Philippe, you make a compelling argument, but I'm going to suggest that this is only part of the problem. In honor of Comic Book Guy, let's call it:
Problem the First
To recap, you argue that: 1) summer comics events are too obsessed with getting the reader to buy every tie-in; while 2) the main series loses its own narrative structure as it tries to integrate these stories; and 3) the tie-in series require too much background knowledge of the current narrative arc, outside the narrative arc of the summer event. Taken together, this leads to a frustrating, irksome and expensive reading experience.
|I am lodging my complaint on the internets|
The biggest, most sinful affront to an event is when necessary plot points are in another book. Final Crisis does this in spades. Okay, to understand who the Tattooed Man is and why he’s gone to the Hall of Justice to help the heroes (Tattooed Man is a villain after all), you probably needed to read Final Crisis: Submit. It’s not even that great of a book, and it could have been explained in less than a page of exposition. But the biggest gripe I have is the 3-D two-part story Final Crisis: Superman Beyond. Each issue came laced with acid. If you lick a page, all you have to do is throw on those 3-D glasses and let Grant Morrison blow your mind. The idea of the book is actually quite brilliant, but the gripe comes in is if I didn’t want to read that book? If all I wanted to read was Final Crisis proper, I would have been screwed. I would have no idea who the shoehorned big bad of Final Crisis was if I didn’t read Superman Beyond. Why couldn’t the main event series be eight or nine parts long instead of requiring a tie-in to understand the end battle? Why don’t people, when so many bitch and moan about tie-ins to events, call DC on their shenanigans with Superman Beyond? Forget how unbelievably confusing the final issue of Final Crisis is (yes, I freakin’ know “time is broken”… I’m just saying nothing is actually explained and “time is broken” is about as shitty of an excuse for nonsensical conclusions as it comes), my biggest problem was actually the necessity of a tie-in to explain the sudden appearance of a vampiric Monitor that not once appeared in the event series proper.So yeah, I totally agree with you. That said, I don't think it's the only problem summer crossover events have, nor do I think it affects all of them similarly. So, on to:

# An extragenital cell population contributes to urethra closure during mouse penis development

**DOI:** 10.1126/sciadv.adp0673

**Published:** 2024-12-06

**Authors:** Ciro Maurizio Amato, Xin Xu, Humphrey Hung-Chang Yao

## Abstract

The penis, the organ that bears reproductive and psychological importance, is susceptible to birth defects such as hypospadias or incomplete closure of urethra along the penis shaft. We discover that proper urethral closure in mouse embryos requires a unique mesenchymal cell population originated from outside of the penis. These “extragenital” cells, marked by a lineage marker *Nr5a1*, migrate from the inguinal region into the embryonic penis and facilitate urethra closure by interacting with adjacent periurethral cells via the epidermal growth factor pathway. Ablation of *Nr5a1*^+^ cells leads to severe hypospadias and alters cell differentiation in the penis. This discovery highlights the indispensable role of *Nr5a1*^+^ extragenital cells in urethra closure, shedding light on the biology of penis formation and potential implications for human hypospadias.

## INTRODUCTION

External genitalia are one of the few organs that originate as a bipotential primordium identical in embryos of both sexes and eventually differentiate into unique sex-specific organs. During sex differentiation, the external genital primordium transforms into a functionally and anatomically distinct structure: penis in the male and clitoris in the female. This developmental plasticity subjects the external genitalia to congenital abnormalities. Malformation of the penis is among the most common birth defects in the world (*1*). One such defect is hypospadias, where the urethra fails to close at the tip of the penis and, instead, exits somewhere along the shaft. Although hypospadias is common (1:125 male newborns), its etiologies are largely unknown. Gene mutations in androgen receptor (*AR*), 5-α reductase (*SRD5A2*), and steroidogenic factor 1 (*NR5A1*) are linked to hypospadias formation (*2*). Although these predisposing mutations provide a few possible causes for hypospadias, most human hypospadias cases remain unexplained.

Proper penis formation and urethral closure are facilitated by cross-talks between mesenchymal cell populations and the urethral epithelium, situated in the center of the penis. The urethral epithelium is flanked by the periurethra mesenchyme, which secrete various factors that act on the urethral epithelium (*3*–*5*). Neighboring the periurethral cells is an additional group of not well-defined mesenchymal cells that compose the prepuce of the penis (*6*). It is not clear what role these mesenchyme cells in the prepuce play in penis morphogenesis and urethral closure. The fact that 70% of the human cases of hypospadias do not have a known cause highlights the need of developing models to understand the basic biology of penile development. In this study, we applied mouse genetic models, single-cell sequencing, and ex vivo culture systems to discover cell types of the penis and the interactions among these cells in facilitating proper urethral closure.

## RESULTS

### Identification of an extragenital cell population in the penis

Problem the Second
Take DC's BLACKEST NIGHT or Marvel's SECRET INVASION, for example. You don't actually need to read the tie-ins to get everything you need from the narrative arc. Unfortunately, you don't actually need to read anything beyond the first and last issues of the series either. So if Problem the First breaks down to Marvel or DC saying "we've got this story and need 36 issues to tell it, and you have to buy all of them," then Problem the Second breaks down to "we've got this story and need 36 issues to te--oh **** we just told the whole ****ing thing in issue 1." Only, readers don't know this yet, so they inevitably keep buying the main series, and possibly the tie-ins too, even though absolutely nothing happens except for a bunch of repetitive battles that do exactly zilch to develop the story.
|No repetitive battles shall escape my sight|
|ARG, what could have been...|
Problem the Third
If some crossover events empty the clip in issue one, others find themselves needing to resolve a slow-building story too quickly. CIVIL WAR comes to mind here. I actually really liked the first five issues: the story was good, it was well-paced and it was clear just from the main series why it all mattered. Everything looked good up to this point. Then Mark Millar had to two issues to end things, and in the rush, things started to come apart, most egregiously in the sudden, abrupt and unsatisfying ending. Given the nature of the narrative arc, I see no reason why this couldn't have been a year-long, 12-issue series. It should have been. But that would have screwed up Marvel's plans for THE INITIATIVE and the set-up for SECRET INVASION. (Oh wait...that sucked? Sorry Mark Millar!)
|It was over too soon|
Well, there's my rant to complement yours. Now I'd like to change direction somewhat, and ask what, if any, summer crossover events have gotten it right? What would it take for a summer event crossover to get it right?